The Ancient Settlement of Afrosiab
The ancient settlement of Afrosiab is situated on the spurs of Chupan-Ata hills to the north-east of present-day Samarkand. According to the legend, it was here, on the banks of the river Siab, that Turanian king and hero Afrosiab, a character of the folk epic ‘Shahnama’, founded the town that became the capital of Sogdiana.
The first excavations on Afrosiab site took place at the end of the 19th century. From the mid-20th century the systematic research archeological activities have been carried out on the site. The examination of the cultural strata, which was recently conducted by Uzbek and French archeologists and orientalists, revealed that in the northern part of the site, at a depth of 10-15 meters, as far back as the 9th – 8th centuries BC there existed a large settlement with a strong citadel, a palace, residential buildings, utility structures, and temples. It was surrounded by an 8-meter-thick fortification wall made of adobe blocks. One could get into the palace only through a long slanting passageway in the wall, which in the ancient times had guards all along its length. The analysis of ceramics and other finds discovered during the excavations allowed to conclude that Samarkand is at least 2750 years old; the first written mention of Samarkand is traced in the holy Zoroastrian book ‘Avesta’.
Within twenty centuries of their existence the citadel and the palace were rebuilt a number of times. From the top of the citadel one gets a panoramic view of the ancient city. There come into view the outlines of street network and artisan quarters with extant parts of the clay kilns and production dumps of glass-blowers, blacksmiths and potters. The four circles of mighty defensive walls with weather-beaten wattle-and-daub turrets can be clearly seen. The first line of the walls dates back to Hellenistic period in the city’s history. These ruins remember the siege by Alexander the Great in 329 BC. The following are the words of the Greek king: ‘Everything I heard about Samarkand is true, except the fact that it is much more beautiful than I could imagine’. Archeologists discovered a lot of bronze and ceramic articles, ossuaries, gems, coins, jewelry and bowls dating to that period of time. Even today, at the sites of old digs, an intent visitor can find various artifacts, as for instance a terracotta statuette of Zoroastrian goddess of fertility Anahita, or a Greek-Bactrian coin.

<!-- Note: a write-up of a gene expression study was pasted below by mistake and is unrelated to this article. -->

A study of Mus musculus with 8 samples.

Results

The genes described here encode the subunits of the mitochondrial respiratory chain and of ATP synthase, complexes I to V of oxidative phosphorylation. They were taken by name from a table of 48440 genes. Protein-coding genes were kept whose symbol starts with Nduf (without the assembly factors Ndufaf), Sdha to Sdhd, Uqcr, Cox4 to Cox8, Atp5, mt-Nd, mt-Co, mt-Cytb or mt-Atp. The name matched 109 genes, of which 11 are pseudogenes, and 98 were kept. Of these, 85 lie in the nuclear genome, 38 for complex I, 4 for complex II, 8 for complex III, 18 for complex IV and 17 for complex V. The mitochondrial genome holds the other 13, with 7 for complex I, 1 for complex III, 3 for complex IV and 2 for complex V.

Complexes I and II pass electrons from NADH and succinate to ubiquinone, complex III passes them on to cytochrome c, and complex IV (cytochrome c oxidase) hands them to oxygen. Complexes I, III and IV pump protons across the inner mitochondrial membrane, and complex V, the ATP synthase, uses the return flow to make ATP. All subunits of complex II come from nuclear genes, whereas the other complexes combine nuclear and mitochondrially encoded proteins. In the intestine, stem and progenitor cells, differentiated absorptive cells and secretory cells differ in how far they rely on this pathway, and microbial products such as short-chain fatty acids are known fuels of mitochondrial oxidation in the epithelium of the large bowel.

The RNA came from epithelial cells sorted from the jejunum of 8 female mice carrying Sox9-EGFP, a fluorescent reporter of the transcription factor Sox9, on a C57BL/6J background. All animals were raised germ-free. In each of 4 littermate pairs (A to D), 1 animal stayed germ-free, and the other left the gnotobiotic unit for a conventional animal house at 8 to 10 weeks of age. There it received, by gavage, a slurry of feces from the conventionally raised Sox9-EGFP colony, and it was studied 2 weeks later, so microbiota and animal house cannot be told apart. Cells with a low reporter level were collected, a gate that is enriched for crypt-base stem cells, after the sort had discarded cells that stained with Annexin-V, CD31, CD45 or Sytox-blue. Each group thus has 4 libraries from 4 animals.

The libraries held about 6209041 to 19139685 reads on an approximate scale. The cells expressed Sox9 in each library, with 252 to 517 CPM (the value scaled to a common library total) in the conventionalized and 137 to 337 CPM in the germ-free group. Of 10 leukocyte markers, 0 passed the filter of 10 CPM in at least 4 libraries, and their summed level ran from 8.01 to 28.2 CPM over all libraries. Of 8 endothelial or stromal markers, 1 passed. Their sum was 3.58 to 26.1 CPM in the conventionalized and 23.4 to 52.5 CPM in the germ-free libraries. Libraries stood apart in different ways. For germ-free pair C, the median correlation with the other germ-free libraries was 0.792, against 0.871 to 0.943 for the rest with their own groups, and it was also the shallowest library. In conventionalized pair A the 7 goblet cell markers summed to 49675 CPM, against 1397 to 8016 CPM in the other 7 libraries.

The second and third lines of the walls with traps and moats were built early in the Middle Ages. As early as the first centuries of Common Era, Samarkand became a large center of international trade. Even the names of the gates in the double walls – Bukhara Gate, Kesh Gate, China Gate – pointed at the destinations of Samarkand’s ancient trade roads. Another gate was built near Buddhist vihara temple and was called Naubehar Gate. At the foot of the citadel archeologists discovered the palace of Sogdiana’s sovereign ishkhid Varhuman. In the throne-room of the palace, along its perimeter, there were elevations for the courtiers; its walls were decorated with multicolor murals depicting scenes of hunts for wild animals, battle scenes, dressy men and women atop elephants, camels and horses. The central painting showed a reception of embassies from various countries; here the dress of one of the characters contains an inscription in the Sogdian language - Chaganian ruler’s friendly greeting for the ruler of Sogd. Alongside with other artifacts, these paintings, with great care taken out by the experts, are now on display in Afrosiab History Museum located on one of Afrosiab hills.
In 712 Samarkand was captured by the Arabs led by Kuteiba ibn Muslim, and was designated the residence of Caliph’s governor in Movarounnakhr. Archeological excavations revealed the citadel- kuhendiz with Samanid royal palace, decorated with a gunch stucco carvings. In the inner town area -shakhristan there remained some parts of the madrassahs, caravanserais, bathhouses, residential areas and artisan quarters, ruins of multicolumn Friday mosque, which had been built on the foundation of the former temple of fire-worshippers. Archeologists also discovered remains of the aqueduct that had fed Samarkand with water. The fourth line of the walls, with indented turrets and parapets, surrounded the rabad suburb which had arisen round shakhristan area. These walls encircled the area of over 220 hectares and had twelve double gates.
In the 9th-12th centuries Samarkand reached its golden age. According to Istarhi, an Arabian geographer of the 10th century, Samarkand was a land harbor of Movarounnahr; its bazaars were multilingual, the variety of merchandise was fabulous… No wonder Samarkand was granted the honorary title of “the Heart of the Great Silk Road”.
In 1220 Genghis Khan’s warriors took Samarkand by storm, plundered it and burnt it down. Eventually its residents began to rebuild the town, not on the ashes of shakhristan inner town, though, but in the rabad suburb, where in the 14th century they started to develop the center of Temur’s Samarkand.